Posted by on Nov 25th, 2014 and filed under News. You can follow any responses to this entry through the RSS 2.0. You can skip to the end and leave a response. Pinging is currently not allowed.

The California Wildlife Conservation Board has awarded a grant to the National Forest Foundation for $1.245 million to assist with ecosystem recovery efforts on the Angeles National Forest.

The project will be implemented throughout the Big Tujunga Canyon Watershed which is located just north of Sunland and Tujunga within the ANF and portions of the new San Gabriel Mountains National Monument.  The project will focus on riparian areas where non-native invasive plants can spread rapidly and degrade native plant communities and habitat.

It is through partnerships and collaboration that goals envisioned by the Forest Service become realities, fostering the return of healthy watersheds, forests, and endangered and threatened species, giving visitors to the forest a natural and more profound outdoor recreational experience.

“We are proud to have built a tangible partnership with the National Forest Foundation”, said Tom Contreras, Forest Supervisor, Angeles National Forest. “And we are grateful for their continued support and commitment to ecological restoration efforts by designating the Big Tujunga Canyon watershed as an integral part of the “Treasured Landscapes” campaign.”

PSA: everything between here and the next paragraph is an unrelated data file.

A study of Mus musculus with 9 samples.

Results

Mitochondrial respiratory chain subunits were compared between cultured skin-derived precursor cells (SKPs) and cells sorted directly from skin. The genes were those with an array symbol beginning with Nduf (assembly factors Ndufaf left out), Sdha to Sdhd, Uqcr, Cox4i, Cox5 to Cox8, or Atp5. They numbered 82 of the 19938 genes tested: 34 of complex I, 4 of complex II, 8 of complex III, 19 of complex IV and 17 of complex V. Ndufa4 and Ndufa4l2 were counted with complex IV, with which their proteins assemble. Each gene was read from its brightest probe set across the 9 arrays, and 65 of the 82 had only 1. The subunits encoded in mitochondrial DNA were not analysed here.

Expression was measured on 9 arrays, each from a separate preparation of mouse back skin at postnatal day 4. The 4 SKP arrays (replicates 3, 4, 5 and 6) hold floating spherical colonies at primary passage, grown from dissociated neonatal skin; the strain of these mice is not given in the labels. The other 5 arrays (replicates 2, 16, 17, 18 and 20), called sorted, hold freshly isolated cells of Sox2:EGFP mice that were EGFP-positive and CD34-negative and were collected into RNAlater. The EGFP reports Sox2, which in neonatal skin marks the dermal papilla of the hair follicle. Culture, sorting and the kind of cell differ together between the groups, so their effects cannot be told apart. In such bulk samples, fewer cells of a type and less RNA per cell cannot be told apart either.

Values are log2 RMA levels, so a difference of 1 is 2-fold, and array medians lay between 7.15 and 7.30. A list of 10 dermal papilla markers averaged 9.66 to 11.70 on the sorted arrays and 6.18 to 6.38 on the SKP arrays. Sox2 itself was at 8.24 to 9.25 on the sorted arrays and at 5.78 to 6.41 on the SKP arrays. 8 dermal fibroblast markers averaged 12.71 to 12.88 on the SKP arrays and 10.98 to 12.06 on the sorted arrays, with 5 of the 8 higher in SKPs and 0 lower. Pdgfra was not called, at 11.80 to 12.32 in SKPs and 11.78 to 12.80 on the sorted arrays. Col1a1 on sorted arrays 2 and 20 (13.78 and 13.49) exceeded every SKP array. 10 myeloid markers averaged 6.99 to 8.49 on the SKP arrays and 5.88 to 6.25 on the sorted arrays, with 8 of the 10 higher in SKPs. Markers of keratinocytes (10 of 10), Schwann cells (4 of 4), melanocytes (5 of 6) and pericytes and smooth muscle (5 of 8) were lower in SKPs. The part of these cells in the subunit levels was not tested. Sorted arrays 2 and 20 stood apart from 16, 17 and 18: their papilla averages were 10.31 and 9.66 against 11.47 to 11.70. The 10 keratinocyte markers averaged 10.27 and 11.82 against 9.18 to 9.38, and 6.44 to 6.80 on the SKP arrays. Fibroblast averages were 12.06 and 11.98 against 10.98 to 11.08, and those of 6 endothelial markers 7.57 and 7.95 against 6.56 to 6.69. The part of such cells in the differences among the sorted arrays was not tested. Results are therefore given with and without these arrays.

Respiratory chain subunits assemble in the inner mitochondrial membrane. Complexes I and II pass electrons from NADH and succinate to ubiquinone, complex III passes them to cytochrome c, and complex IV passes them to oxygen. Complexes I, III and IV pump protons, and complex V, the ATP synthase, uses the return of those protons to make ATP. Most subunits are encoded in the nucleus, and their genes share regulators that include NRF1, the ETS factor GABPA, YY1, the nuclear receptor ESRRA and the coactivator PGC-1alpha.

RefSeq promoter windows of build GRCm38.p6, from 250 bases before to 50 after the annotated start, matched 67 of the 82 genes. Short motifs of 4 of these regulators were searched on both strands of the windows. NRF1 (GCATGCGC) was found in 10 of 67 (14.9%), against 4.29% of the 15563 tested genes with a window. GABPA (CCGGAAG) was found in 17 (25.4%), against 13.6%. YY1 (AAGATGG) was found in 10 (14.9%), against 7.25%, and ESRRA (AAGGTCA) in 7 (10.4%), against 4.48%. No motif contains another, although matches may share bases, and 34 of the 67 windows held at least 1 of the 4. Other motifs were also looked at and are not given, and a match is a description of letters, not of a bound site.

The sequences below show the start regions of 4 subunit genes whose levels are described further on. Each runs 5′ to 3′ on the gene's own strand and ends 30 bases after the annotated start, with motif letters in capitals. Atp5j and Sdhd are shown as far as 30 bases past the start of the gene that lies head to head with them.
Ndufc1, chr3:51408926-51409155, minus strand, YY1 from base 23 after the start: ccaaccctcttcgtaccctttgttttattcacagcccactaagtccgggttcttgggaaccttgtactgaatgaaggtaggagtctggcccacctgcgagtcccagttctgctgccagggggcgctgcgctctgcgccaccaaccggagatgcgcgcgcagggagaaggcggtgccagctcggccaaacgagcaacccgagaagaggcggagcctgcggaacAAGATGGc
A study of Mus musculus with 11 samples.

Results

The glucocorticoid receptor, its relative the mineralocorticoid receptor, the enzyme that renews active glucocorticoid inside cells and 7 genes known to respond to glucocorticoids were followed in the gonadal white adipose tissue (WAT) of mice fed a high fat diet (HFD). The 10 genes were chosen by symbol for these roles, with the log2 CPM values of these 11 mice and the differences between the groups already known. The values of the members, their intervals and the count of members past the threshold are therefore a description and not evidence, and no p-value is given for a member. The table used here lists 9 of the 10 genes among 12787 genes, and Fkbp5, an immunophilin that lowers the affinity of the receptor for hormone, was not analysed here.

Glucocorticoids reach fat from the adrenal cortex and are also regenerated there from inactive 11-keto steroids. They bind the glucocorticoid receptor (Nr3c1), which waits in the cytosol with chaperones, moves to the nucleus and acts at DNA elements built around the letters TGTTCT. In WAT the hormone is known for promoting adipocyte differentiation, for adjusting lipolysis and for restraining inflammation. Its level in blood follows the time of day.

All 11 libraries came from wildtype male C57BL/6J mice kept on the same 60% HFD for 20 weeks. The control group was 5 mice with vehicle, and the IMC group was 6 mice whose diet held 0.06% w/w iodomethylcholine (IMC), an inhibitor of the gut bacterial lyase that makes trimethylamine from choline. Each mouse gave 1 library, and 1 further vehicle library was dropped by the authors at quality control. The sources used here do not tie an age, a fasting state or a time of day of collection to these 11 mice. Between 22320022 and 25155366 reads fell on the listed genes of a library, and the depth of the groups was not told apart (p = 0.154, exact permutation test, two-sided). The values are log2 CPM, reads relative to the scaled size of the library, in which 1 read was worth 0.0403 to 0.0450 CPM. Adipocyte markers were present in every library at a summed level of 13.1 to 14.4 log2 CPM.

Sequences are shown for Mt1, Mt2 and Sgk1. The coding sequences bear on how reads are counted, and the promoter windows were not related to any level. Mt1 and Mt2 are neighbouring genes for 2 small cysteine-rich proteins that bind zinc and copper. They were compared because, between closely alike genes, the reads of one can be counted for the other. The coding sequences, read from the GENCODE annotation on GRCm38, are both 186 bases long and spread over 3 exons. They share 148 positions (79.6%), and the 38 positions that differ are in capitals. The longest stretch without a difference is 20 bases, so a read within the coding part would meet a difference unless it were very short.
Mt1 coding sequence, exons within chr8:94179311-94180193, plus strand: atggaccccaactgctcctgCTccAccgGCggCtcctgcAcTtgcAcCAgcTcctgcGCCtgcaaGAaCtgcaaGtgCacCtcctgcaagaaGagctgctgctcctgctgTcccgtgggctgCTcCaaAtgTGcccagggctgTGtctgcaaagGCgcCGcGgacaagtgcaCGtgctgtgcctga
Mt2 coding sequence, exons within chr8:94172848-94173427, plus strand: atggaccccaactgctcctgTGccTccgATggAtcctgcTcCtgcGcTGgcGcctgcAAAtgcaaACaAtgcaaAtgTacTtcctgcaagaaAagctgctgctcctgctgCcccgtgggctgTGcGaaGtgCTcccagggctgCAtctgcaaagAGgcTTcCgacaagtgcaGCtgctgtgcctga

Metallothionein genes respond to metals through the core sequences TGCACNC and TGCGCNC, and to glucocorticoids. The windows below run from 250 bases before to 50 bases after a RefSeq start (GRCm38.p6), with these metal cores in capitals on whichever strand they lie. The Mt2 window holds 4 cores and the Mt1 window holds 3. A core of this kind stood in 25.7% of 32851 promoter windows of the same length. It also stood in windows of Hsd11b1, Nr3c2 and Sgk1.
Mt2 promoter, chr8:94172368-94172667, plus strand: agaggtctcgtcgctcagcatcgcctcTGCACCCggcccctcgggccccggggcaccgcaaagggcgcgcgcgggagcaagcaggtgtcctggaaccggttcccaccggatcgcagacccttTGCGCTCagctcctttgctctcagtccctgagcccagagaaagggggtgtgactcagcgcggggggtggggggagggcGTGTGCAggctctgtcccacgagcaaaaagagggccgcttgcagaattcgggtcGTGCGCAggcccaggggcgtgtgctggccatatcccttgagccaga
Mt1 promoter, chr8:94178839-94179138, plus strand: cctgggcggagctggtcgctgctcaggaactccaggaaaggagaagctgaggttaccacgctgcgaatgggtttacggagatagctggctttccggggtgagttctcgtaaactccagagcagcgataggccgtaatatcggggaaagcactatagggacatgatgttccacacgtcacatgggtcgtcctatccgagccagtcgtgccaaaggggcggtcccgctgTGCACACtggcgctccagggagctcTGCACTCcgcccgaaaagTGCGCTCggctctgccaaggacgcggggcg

The U.S. Forest Service and the National Forest Foundation will co-manage the projects starting with the removal of invasive weed species for more than 200 stream miles, to include: Spanish broom, tree tobacco, tamarisk and sweet clover.  This effort will focus on those corridors where the species arundo and “tree of heaven” are invading riparian areas.  This will be followed by active restoration, planting of oaks and willow cuttings.  To ensure success, continued weeding, watering of plants, replanting and monitoring will be essential. In-stream restoration will also take place to ensure three sensitive and a threatened fish species — the Santa Ana sucker, arroyo chub, and the Santa Ana speckled dace — are able to fully recover and thrive in the watershed.

“The WCB’s investment signals the urgency and importance of ensuring these treasured places are not only healthy, but also accessible to the millions of diverse residents who live nearby. The NFF is grateful for the WCB’s vote of confidence in our work on this exciting project,” said Bill Possiel, NFF President.

The NFF will work with the Forest Service to implement project tasks from now until June 2017, except chaparral restoration which will run through June 2018.  The Forest Service has interdisciplinary teams of hydrologists, fisheries biologists, wildlife biologists, ecologists, botanists and recreational resource managers who will continue to provide monitoring and required resource protection measures on an ongoing basis as needed.